When this gorgeous French Eclectic Tudor at 6640 Avalon hit my inbox, I was sure it was a new build. The lines are much cleaner than you see on homes from the 1920’s, and it’s absolutely pristine. Then I looked closer. Those windows are original and you don’t see façade embellishments like these on new builds. My curiosity was piqued and I began to dig in and research.
This is actually an original 1926 house built by George E. Dolph as his personal home. Dolph also constructed Munger Place Baptist Church. A little over a year ago, the house was purchased by two very smart investors, Steven Riskey and Bart Fassino. They brought in a dream team — builders, Parc Chateau Homes, designer Leslie Pemberton, one of our favorite architects, Eddie Maestri — and got to work.
Nine and half months of magic later, this 4,010-square-foot,beauty was unveiled. “We completely gutted and reframed to meet code,” Fassino said. “The entire home has been totally upgraded. The original metal windows on the front of the home were restored and we installed energy efficient Jeld-wen windows throughout the remainder of the house and guest quarters.” Yes, guest quarters. It just gets better and better.
The home has four bedrooms and four-and-a-half bathrooms. It also has something rare in Dallas — a 706-square-foot basement that has been completely transformed with a game room, wet bar, full bathroom, and bedroom.
While the original brick was given a fresh modern look with white paint, one of the notable exterior features remained untouched.“We left the slate on the hall stairway section over the porte cochere,” Maestri said. “You don’t see this a lot in Lakewood. It’s a more modern quality. A lot of new homes incorporate metal on the façade and this slate addition is an example of someone trying to create a modern look back in the ‘20s.”
“The front and side doors, entry tile, Batchelder fireplace, and staircase have all been restored,” Fassino said. “I wanted to incorporate a few modern finishes to complement the historic touches, so you’ll see modern fixtures and tile throughout. We also added a standing-seam metal roof to the garage and remodeled it with a guest suite, kitchen nook, and patio.”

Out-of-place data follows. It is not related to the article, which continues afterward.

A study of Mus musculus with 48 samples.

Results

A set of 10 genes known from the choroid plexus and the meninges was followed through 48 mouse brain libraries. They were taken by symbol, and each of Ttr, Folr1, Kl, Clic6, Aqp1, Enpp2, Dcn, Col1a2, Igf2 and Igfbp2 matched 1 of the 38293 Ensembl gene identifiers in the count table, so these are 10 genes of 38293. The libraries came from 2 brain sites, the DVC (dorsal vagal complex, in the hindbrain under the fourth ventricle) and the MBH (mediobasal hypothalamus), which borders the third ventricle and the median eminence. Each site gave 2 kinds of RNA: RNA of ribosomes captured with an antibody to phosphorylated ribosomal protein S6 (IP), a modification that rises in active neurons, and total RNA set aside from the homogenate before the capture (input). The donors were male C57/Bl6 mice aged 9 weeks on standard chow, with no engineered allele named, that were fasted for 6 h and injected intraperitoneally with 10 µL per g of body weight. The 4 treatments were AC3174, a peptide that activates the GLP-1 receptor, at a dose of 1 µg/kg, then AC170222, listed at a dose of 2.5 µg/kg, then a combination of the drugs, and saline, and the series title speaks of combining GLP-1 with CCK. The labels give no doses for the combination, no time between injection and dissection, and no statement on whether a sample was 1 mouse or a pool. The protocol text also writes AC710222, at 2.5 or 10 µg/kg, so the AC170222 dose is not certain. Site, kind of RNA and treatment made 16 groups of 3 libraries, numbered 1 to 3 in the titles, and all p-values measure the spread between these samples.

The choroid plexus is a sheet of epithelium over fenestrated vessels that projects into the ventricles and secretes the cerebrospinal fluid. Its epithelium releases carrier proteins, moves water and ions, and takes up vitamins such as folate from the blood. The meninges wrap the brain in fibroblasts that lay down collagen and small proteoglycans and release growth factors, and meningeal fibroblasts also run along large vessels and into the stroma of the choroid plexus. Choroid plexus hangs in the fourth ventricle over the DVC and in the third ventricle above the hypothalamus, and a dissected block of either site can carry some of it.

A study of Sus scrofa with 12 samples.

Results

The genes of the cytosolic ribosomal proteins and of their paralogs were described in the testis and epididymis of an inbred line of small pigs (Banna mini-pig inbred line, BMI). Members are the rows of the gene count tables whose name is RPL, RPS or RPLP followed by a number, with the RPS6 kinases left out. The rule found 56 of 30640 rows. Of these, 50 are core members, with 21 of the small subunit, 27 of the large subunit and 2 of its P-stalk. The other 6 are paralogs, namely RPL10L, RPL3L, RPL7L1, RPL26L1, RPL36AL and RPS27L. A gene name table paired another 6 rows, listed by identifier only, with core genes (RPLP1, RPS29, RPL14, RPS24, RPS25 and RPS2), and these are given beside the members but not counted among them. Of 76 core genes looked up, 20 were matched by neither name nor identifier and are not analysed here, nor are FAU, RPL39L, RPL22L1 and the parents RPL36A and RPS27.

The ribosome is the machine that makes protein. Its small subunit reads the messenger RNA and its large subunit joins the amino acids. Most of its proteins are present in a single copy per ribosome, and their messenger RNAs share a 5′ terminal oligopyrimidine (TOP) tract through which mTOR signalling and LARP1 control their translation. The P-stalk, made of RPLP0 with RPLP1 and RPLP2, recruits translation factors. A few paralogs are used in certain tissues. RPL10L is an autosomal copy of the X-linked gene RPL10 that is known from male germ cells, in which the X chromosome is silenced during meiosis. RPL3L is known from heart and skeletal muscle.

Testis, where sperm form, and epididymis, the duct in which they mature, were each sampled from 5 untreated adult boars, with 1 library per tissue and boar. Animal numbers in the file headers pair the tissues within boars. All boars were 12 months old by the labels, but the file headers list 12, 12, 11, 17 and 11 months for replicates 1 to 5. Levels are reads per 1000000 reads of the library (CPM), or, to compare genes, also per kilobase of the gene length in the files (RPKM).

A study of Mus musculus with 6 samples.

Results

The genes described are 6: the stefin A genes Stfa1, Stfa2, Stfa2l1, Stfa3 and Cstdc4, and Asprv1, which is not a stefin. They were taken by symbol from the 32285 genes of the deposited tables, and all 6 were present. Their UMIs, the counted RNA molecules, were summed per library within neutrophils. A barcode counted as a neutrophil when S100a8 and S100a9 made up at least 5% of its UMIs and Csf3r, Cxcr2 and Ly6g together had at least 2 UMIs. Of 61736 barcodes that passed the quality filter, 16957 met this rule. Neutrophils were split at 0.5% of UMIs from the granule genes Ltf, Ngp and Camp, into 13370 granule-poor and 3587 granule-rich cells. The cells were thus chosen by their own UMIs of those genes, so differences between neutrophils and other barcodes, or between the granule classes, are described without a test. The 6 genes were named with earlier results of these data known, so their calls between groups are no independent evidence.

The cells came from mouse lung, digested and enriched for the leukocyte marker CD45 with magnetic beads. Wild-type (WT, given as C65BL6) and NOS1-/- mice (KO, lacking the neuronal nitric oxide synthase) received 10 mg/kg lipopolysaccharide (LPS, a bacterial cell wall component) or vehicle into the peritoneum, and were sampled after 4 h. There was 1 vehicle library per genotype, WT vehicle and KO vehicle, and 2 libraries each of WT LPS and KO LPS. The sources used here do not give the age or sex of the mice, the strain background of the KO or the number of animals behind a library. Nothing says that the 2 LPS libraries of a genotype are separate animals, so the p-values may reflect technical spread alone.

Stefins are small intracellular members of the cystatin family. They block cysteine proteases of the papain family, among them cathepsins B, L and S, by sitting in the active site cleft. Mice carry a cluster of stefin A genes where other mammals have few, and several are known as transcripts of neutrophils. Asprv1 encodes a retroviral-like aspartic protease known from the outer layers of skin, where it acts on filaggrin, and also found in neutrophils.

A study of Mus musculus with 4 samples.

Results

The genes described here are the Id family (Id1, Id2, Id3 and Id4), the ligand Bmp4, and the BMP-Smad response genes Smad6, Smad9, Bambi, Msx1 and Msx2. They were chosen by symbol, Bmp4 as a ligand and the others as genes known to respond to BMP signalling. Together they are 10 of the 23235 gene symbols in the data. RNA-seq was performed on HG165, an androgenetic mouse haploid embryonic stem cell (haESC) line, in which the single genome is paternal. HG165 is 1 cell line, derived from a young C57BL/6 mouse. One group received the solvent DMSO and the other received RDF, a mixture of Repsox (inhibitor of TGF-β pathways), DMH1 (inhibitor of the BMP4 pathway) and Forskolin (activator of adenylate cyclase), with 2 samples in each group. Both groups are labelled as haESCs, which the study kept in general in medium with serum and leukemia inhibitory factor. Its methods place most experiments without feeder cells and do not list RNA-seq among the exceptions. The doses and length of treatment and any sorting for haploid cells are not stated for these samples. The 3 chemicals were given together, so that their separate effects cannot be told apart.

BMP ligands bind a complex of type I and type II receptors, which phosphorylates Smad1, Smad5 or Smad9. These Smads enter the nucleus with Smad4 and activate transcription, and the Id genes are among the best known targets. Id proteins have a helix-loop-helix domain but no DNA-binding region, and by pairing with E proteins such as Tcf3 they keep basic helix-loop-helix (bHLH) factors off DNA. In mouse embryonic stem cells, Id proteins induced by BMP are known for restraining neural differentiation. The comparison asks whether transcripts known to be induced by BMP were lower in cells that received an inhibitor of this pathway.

The dining room and living room were kept to the original size. Openings to the stair hallway and the kitchen were widened. ”We add the enclosed sunroom off the dining room and added the porch off of the kitchen with a gas fireplace,”Fassino said.
Success in renovating an older home comes from knowing how to open up closed-off spaces to create a sense of connection while maintaining the original character and charm. Masetri is a master at this. “The kitchen was an area where we wanted to pay homage to an older layout with cabinetry and a breakfast nook,” he said. It’s a totally modern space with professional Wolf and Sub Zero appliances and soapstone countertops, yet the cabinetry and farmhouse sink impart a traditional feel. The bay window breakfast nook brings more attention to the backyard, and created a focal point for the back of the house.
A covered porch with a gas fireplace is located just off the kitchen. It’s a great spot to look out over the gorgeous backyard. If you want to add a pool, it’s going to be easy, as the yard was designed with all utilities below grade.
The master suite on the second floor was created by incorporating a smaller bedroom into the space. Ceilings were vaulted and beamed to create a sense of spaciousness without impinging on the intimacy of the room. That’s a British Victoria + Albert volcanic limestone freestanding tub in the master bathroom along with Ann Sacks tile. Calgon, take me away!
Those guest quarters I mentioned earlier are 350 square feet of perfection that include a bedroom, bathroom, and wet bar.
Tyler Johnson with Gilchrist & Company Real Estate has this lovely listed for $1.95 million. It’s not often you find an original Lakewood Tudor that has been so flawlessly renovated.